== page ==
Heritage and the Politics of Culture
The question of cultural heritage presents several challenges for minority groups across Asia, because of their link with international (e.g UNESCO) and State institutions. Considerable regulations are done by those institutions that reshape local conceptions of transmission. Thereby tensions may appear between these different representations.
Heritage is usually seen by States as a powerful resource for economic development, more particularly through tourism. China has developed its own tools to classify and bound what in culture is acceptable to match socialist goals during the Maoist period and to develop tourism with the economic reforms. In Russia, socialist priorities prevailed in cultural affairs until the 1990’s. In both countries, new stakes appeared when local administrations and populations got involved with the question of cultural expression.
Global and State politics affect the valorization of what is considered as culture or “craft” and their local (re)creation. Since the 1990’s, in these two multiethnic states, a management of cultural affairs can be observed which results in a redefinition of local notions such as “tradition”, “culture”, or “ethnicity”. The comparison of these two contexts shows how these redefinitions influence the self-perception of the group’s identity, its outward perception and visibility. Fieldwork data collected among ethnic groups in Russia and China illustrate the role of political instances in the valorization of cultural heritage and how different cultural political regimes reveal themselves through the heritagization of craft and folklore.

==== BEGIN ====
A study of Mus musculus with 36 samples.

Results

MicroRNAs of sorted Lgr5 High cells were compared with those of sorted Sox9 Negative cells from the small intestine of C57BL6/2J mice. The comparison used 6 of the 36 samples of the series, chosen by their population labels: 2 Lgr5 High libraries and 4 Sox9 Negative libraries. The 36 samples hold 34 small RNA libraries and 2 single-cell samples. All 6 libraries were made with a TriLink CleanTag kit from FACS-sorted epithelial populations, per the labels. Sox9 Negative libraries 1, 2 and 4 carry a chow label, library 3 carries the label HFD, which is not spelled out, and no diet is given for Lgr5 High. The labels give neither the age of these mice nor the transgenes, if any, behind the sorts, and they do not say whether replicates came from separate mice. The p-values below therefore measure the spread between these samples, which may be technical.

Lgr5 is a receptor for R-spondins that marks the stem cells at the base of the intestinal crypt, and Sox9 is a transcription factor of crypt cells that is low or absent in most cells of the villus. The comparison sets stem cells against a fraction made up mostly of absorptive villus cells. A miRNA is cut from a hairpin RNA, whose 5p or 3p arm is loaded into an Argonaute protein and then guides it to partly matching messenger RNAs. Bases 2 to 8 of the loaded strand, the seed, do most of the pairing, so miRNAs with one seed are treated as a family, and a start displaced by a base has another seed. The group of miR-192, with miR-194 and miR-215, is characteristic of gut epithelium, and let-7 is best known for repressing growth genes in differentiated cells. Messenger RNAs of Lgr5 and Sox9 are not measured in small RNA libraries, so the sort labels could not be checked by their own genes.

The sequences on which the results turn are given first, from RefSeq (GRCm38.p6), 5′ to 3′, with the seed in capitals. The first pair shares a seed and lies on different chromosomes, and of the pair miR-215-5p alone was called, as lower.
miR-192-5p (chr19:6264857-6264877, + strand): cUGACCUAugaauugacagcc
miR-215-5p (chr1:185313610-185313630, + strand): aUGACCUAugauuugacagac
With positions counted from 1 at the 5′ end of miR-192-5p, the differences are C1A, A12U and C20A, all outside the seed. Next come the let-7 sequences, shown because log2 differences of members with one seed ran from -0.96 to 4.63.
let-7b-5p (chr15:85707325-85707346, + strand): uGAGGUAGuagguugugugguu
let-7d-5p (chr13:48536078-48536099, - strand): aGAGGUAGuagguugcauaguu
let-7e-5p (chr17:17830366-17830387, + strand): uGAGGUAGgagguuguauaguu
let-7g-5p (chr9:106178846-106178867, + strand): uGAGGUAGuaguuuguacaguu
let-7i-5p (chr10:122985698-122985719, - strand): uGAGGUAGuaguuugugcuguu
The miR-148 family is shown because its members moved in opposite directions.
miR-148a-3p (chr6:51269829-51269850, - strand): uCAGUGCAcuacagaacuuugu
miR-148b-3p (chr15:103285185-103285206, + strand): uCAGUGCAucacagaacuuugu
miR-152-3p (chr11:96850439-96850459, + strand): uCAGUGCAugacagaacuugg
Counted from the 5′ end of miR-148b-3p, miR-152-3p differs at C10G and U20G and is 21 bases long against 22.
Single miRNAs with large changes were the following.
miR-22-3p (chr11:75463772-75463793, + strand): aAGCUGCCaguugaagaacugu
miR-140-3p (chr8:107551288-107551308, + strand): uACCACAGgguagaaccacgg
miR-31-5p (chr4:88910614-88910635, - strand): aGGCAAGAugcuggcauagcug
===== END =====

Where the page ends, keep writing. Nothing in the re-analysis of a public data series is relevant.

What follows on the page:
In China, the Mosuo are facing new identity issues concerning the folklorisation of their culture. In the North, at the border with Russia, the safeguarding of Hezhe crafts resulted in the creation of a new type of artefacts made from fishskins, different from what can be found from the same material amongst their Russian kin group, the Nanais. In Southern Siberia, “museumification” of archaeological remains creates tension between politics, industrials and indigenous populations of the Altay. In the Russian Arctic, the administration entrusts public “centres of popular creativity”, employing local artists and craftspeople, with the organisation of the representation of autochthonous people in the public space.
This panel aims at comparing the varying notions of “tradition” and “safeguarding of culture” within an empirical approach. We focus on conflicts about the creation of culture and how these globalised and specific contexts shape a changing self-perception of “ethnic identity”.
Chairwoman Dr. Aurélie Névot, specialist of heritagization and museumification in China, will preside over the panel and discuss the presentations.